Ghanaians today are witnessing some increase in utility prices. The Public Utility Regulatory Commission (PURC) has announced an upward review of the electricity and water tariffs by 8%, that is, 5.94% for electricity and 2.22% for water.
In a statement issued on September 30, 2019, the PURC explained that the increases in tariffs was determined by the Automatic Adjustment Formula (AAF) which considers eight factors, including inflation, in arriving at a review.
The tariff increment took effect on Tuesday, October 1, 2019.
Earlier, PURC had announced an 11% increase in electricity tariffs which started on July 1, 2019, so this second increment has barely lasted three months.
Prior to the 2016 general elections, one of the major promises of candidate Akufo-Addo was to reduce electricity tariffs when elected President.
On the campaign trail, he said “I think it is important for there to be clarity on this matter. If the government cannot or will not listen to the calls for the reduction of electricity tariffs, it is important for the people of Ghana to know that God-willing, if I win the elections later this year, I definitely will. I will definitely reduce electricity tariffs.”
Nana Addo Dankwa Akufo-Addo, the then-candidate won the hearts of most Ghanaians who were complaining of Dumsor and upward adjustments in tariffs by the Mahama administration.
Akufo-Addo described the increases in tariffs under John Mahama as insensitive, wicked and a disregard to the plight of Ghanaians.
Speaking to some party members and sympathizers in Köln, Germany, back then, candidate Akufo-Addo said that President Mahama’s decision to increase tariffs in the midst of the ongoing, crippling energy crisis is indicative of Mahama’s insensitivity to the plight of Ghanaians.
He said that after Ghanaians had experienced over three years of power crisis, it would have been prudent for the government to not increase tariffs....but the recent increment “means there is no end to the difficulties for the ordinary Ghanaian.”
Some Ghanaian workers who felt the then administration had disregarded their plight held street demonstrations against the increment.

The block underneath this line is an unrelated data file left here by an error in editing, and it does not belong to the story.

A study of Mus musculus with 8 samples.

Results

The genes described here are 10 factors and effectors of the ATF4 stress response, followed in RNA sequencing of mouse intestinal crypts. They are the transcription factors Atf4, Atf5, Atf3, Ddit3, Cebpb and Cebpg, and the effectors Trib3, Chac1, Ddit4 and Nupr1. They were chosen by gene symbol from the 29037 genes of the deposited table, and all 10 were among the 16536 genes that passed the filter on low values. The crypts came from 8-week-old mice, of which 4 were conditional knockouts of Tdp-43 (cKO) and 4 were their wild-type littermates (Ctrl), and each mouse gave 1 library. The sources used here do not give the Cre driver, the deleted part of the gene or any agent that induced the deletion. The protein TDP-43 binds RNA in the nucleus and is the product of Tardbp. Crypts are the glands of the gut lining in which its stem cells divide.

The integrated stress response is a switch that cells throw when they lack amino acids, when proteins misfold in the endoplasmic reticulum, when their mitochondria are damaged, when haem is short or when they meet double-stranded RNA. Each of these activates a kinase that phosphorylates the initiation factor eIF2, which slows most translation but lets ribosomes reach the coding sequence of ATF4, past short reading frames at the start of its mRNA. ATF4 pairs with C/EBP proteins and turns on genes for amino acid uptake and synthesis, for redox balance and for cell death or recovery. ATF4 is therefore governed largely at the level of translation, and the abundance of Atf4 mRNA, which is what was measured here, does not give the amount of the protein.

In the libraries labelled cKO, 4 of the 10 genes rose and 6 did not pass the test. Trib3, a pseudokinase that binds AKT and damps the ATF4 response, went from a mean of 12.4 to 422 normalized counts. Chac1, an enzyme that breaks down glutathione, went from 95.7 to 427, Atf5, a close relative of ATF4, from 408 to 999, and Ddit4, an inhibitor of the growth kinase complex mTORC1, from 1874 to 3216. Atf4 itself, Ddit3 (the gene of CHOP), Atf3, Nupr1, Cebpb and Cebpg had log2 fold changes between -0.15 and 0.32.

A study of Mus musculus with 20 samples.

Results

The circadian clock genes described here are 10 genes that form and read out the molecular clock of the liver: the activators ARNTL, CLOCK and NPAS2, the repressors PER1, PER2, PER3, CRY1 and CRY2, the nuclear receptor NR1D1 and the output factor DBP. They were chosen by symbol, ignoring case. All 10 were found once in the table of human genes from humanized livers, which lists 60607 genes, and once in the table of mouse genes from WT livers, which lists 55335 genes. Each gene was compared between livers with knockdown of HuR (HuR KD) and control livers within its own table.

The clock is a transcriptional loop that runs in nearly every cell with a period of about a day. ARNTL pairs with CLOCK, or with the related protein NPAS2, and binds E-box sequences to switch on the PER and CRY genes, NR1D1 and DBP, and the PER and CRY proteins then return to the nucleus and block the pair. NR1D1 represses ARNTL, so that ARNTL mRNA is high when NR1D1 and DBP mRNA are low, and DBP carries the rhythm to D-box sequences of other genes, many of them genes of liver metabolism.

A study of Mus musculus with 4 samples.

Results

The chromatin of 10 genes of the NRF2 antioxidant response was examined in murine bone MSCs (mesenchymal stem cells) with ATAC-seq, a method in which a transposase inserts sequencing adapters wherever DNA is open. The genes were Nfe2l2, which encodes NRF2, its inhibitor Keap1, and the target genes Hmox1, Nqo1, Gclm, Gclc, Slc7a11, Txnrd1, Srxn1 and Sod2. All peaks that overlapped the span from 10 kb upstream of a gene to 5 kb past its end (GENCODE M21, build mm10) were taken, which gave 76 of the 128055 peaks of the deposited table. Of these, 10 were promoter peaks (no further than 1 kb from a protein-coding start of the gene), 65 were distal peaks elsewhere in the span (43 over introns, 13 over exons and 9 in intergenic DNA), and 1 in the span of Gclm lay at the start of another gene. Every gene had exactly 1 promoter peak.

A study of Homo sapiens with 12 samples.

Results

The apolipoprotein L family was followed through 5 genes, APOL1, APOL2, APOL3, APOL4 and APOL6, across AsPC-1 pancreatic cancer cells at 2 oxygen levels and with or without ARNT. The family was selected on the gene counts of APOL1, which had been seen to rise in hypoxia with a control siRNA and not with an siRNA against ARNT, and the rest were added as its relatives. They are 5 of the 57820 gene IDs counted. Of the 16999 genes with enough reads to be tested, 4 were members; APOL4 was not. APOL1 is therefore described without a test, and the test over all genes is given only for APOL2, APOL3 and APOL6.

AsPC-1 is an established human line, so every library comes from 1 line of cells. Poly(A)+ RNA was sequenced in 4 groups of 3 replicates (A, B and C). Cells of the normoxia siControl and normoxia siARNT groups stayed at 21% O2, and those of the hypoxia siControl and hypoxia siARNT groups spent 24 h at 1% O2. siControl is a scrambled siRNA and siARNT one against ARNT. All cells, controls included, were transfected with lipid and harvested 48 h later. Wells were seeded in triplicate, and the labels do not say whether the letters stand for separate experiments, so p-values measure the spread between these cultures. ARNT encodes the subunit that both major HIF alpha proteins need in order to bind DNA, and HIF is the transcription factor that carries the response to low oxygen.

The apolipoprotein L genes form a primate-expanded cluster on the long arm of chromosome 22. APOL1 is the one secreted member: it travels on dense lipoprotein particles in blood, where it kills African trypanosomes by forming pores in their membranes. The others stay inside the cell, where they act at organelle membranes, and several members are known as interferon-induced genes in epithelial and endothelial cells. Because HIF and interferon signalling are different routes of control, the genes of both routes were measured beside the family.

Hundreds of workers who marched through the streets of Accra on Wednesday, January 20, 2016, poured out their frustrations on the Mahama administration for increasing both electricity and water tarrifs by 59% and 67% respectively.
The Secretary-General of Trades Union Congress (TUC), Kofi Asamoah, who led the demonstration defended the actions of the workers insisting that unless prices were reduced, the agitations would escalate.
"Organized labour has called for a reduction in the utility tariffs, and the withdrawal of the Energy Sector Levy Act 899. The working group set up to work out on an amicable solution has failed to produce satisfactory results," he said.
"We are aware of the stick the IMF is holding over the government following the extended credit facility. IMF policies have never delivered prosperity to any country anywhere in the world," Mr Asamoah added.
The Tamale Central MP, who was then Employment and Labour Relations Minister, Haruna Iddrissu, said that the demands of the workers were difficult to meet.
He, however, signalled how unhappy the administration was about the union's decision to continue protesting despite efforts to resolve their concerns.
"Organized labour has asked government to withdraw the energy sector levy and review tariffs down to 50 per cent. That is where we are in the course of the negotiations. And that is what displeases me personally about their intended declared action to proceed on a demonstration and strike action while negotiations are ongoing. It's like negotiating with a gun to your head," he said.